THE WHITE HOUSE AT WORK
Monday, June 28, 1999
PRESIDENT CLINTON AND VICE PRESIDENT GORE:
PROPOSING A FISCALLY SOUND BUDGET FRAMEWORK
- We have now cut up Washington's credit card. By 2015, this country can be entirely out of debt. This is a remarkable milestone, clearly within reach, if we do not squander the surplus by choosing short-term gain over long-term national goals.
- President Bill Clinton
- June 28, 1999
Today, at the White House, President Clinton announced that this year' s budget surplus will be $99 billion, $20 billion larger than earlier projected, and the largest surplus (as a percentage of the economy) since 1951. The President proposed a six-point plan on how to spend the surplus, which includes maintaining a balanced budget each year; ensuring the solvency of Social Security and Medicare; establishing a trust fund for children and education; providing targeted tax credits; and eliminating the national debt by 2015.
Announcing the Largest Budget Surplus in Nearly 50 Years. President Clinton today announced that, according to the results of the mid-session budget review, the surplus for 1999 will be $99 billion. This surplus, which is $20 billion larger than earlier projections, will be the largest ever in dollar terms, and as a percentage of the economy, the largest since 1951. This is the seventh consecutive year of improved fiscal balance --the longest such series in history.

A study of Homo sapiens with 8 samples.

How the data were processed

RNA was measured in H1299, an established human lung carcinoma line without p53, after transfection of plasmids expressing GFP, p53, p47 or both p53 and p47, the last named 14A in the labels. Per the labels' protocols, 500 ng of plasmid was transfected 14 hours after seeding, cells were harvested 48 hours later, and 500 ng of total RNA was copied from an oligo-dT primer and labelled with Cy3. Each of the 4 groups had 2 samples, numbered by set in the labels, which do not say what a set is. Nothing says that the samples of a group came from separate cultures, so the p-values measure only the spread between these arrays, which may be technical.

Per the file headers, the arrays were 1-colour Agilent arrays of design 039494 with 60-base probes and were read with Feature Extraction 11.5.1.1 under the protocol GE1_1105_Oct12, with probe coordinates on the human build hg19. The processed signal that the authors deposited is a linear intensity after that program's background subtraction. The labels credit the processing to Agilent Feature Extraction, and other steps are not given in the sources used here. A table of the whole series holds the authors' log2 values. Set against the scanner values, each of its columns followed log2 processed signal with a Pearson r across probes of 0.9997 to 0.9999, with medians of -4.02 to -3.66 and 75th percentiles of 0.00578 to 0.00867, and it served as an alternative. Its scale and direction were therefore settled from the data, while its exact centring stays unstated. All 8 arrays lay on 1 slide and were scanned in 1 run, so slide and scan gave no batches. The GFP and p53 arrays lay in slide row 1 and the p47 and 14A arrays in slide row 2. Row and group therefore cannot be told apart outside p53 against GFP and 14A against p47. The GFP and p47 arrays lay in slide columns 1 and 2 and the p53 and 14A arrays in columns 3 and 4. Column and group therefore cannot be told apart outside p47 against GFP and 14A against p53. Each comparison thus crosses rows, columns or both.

Proposing a New Budget Framework. President Clinton' s new budget framework has six key components:
- balances the budget each year without using Social Security funds;
- creates a new Social Security lockbox that keeps Social Security solvent until 2053;
- keeps Medicare solvent for over 25 years while adding a new prescription drug benefit;
- establishes a Children and Education Trust Fund, while protecting military readiness, education, environment, agriculture, veterans affairs and core government;
- calls for USA Accounts the largest and most progressive tax-relief plan for savings and targeted tax credits for child care, long-term care, school construction, new markets investment, and aiding disabled Americans in the workplace; and
- eliminates the national debt by 2015.
The President' s plan is the first budget proposal to call for balancing the budget each year without using Social Security surpluses, while strengthening the solvency of Social Security and Medicare and still leaving resources for military readiness, key investments in people and communities, and significant tax relief.